Nov 11th, 2013 | By | Category: Latest News, News

WCC400BROOKLYN’s residents will have to find other ways to raise up to $1500 for the community and dispose of their rubbish after the annual clean-up day was cancelled.

For more than 10 years residents have dumped inorganic waste outside their homes in the clean-up.

Wellington City Council trucks with local volunteers picked up the rubbish, and residents donated money to the Brooklyn Residents Association volunteers.

The joint association and council project, was to be held on November 3.

The council however, will no longer be involved because the volume of rubbish they collect from residents could be money generated at the landfill instead.

Council spokesman Richard MacLean said the project no longer fits their idea of a community clean-up, which he says should benefit the whole community.

“The bottom line is that such ‘clean-ups’ go against the council’s waste minimisation policy and do nothing to encourage residents to think about the impact of generating large amounts of waste,” he said.

Mr MacLean also said that instead of getting the community involved with cleaning up beaches, coastlines, reserves and streams, residents have put out organic waste at no cost.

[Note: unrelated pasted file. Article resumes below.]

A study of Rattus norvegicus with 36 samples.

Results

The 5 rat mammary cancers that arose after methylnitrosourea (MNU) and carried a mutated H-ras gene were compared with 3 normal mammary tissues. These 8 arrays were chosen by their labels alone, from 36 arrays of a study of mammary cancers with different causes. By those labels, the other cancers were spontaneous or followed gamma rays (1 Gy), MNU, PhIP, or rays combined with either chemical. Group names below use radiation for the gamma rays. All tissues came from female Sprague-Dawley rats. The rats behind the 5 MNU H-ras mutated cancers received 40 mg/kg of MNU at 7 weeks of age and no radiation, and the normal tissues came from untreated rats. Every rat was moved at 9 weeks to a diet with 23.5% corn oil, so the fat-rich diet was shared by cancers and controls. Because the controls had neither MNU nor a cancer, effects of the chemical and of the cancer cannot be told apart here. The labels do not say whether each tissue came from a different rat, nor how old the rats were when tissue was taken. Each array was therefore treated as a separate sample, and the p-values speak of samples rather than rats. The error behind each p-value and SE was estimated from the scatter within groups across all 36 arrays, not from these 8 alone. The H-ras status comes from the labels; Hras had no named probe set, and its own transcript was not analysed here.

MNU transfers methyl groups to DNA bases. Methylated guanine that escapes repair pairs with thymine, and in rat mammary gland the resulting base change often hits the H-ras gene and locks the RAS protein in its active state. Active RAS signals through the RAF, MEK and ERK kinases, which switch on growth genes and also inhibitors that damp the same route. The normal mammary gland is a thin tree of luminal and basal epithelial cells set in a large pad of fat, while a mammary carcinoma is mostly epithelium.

“It has now turned into an exercise that encourages some residents to throw out a lot of ‘inorganic’ rubbish with the expectation that it’ll be taken to the landfill and they can then avoid the tipping charges that residents in the rest of the city have to pay,” he said.

Once a year, five trucks operated by volunteers and Council staff would collect rubbish from houses in the area .

The project gave residents an opportunity to donate money to the volunteers and up to $1500 has been raised for the association each year.

The council has also cancelled six other residents association clean-up day’s across the city this year.

A Brooklyn Residents Association member, Bernie Harris, said he had enjoyed being a part of the community initiative.

“If anyone has been in those trucks, they’d know it’s a lot of fun,” he said.

Last year 11 tonnes of rubbish was collected from residents and in the past up to 22 tonnes has been disposed of.

Association member, Katie Underwood, who volunteered for the clean-up day, enjoyed the community involvement.

“There were people in their pink fluffy dressing gowns throwing money at us,” she said.

Rubbish collection covered most household disposals except green and kitchen wastes.

The Council has chosen to focus on the accumulation of rubbish in public spaces and will not consider inorganic collection unless individual landfill fees are paid.